John Feehery: Speaking Engagements


On Trump’s VP Pick

Posted on July 11, 2016
By Gage Skidmore, CC BY-SA 3.0,

By Gage Skidmore, CC BY-SA 3.0,

(This originally appeared in The Hill).

Donald Trump’s pick for vice president won’t win him the White House — but it could lose it for him.

When John McCain picked Sarah Palin to be his running mate in 2008, the theory was that she would help excite a Republican base that didn’t trust the Arizona senator. But that gambit backfired, as a series of gaffes from the Alaskan hurt McCain’s credibility and killed the ticket’s chances with the bulk of swing voters.

When James Stockdale uttered the memorable phrase, “Who am I and why am I here?” during the vice presidential debate in 1992, it made many Americans wonder the same thing about his running mate, Ross Perot.

Walter Mondale made history when he picked Geraldine Ferraro to be his running mate in 1984, but that exposed the central weakness of his losing campaign: the obvious political pandering that the American people rejected.

Typically, a presidential campaign picks a vice president to offer some sort of balance to the ticket, whether it be geographic, ideological or experiential.

Jack Kennedy picked Lyndon Johnson because he wanted to compete more effectively in the South and West. Ronald Reagan picked George H.W. Bush because he could appeal to the Republican establishment that didn’t fully trust the California governor. George W. Bush chose Dick Cheney because the former Defense secretary had deep Washington experience that the Texas governor didn’t have.

George H.W. Bush surprised everybody when he chose Dan Quayle to be his running mate, and that choice almost backfired on him; Quayle’s inexperience became a problem during the campaign after Lloyd Bentsen destroyed him with the “You’re no Jack Kennedy” line during that year’s debate.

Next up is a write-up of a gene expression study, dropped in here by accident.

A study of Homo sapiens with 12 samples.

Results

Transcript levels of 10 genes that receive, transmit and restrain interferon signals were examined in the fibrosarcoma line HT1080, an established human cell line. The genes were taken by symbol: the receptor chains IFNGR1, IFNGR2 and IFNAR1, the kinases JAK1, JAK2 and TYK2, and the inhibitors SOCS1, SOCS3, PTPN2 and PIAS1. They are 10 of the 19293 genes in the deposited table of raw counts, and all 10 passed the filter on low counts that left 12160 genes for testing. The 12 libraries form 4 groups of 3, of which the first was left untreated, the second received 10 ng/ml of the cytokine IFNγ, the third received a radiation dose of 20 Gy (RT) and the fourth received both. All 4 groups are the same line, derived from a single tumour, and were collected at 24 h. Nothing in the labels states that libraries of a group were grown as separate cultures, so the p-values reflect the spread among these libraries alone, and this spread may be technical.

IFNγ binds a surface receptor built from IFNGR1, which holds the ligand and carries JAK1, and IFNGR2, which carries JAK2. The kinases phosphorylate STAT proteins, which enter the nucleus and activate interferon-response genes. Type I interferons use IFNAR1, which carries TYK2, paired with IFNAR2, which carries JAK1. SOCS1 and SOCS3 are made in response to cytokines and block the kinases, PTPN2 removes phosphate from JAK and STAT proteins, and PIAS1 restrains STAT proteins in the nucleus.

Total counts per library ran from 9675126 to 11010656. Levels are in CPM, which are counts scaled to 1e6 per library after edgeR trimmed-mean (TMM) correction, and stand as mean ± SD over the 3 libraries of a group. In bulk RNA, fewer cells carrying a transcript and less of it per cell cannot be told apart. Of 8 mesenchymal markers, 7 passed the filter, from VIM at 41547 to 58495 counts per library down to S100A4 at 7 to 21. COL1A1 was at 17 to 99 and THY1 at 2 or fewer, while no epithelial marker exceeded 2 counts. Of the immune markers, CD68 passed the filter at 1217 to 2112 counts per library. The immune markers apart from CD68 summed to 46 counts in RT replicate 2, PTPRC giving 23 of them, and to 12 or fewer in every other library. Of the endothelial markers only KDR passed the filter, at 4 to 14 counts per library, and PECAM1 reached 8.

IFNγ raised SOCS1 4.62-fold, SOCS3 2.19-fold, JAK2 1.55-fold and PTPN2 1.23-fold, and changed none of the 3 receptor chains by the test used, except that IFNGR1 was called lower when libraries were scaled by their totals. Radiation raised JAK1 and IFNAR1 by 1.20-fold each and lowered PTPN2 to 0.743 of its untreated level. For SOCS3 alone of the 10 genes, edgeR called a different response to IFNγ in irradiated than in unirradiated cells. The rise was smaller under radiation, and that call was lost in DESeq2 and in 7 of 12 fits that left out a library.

When Bill Clinton picked Al Gore, he took a different approach. Instead of picking somebody who was geographically, ideologically or generationally different, he chose somebody who could have been his political clone. He was doubling down on being a “New Democrat.”

Mitt Romney’s pick of Paul Ryan helped to excite the Republican base, brought generational and geographic diversity to the ticket and made the Wisconsin representative a star. But try as Ryan might, his energetic campaigning couldn’t overcome Romney’s series of gaffes that killed the ticket in the last election.

In 1972, because most Democrats thought the presidential race was over before it started, George McGovern had a difficult time finding a running mate. He first selected Tom Eagleton without going through any kind of vetting process. When it was revealed subsequently that the Missouri Democrat had a history of depression and he was forced to withdraw, the whole episode showed a campaign in complete disarray.

There are three lessons for Mr. Trump.

Make sure your pick adds credibility to your campaign: When McCain picked Palin, when Bush picked Quayle and when McGovern picked Eagleton, it didn’t make their tickets more credible. It made them less credible. In the case of McCain and McGovern, those picks proved fatal to their campaigns, and while Bush was able to squeeze out a win against Mike Dukakis, having Quayle on the ticket certainly didn’t help. Picking somebody who isn’t ready for prime time is a huge mistake that could cost you the election.

Make sure your choice maximizes your campaign: Some successful campaigns achieved geographic or ideological balance to give them the broadest reach, while others strengthened perceived weaknesses or doubled down on the overall theme of the campaign.

Understand that a vice presidential pick can only do so much: The two best VP picks of the last 40 years — Ryan and Lloyd Bentsen — couldn’t overcome the essential weaknesses at the top of the ticket.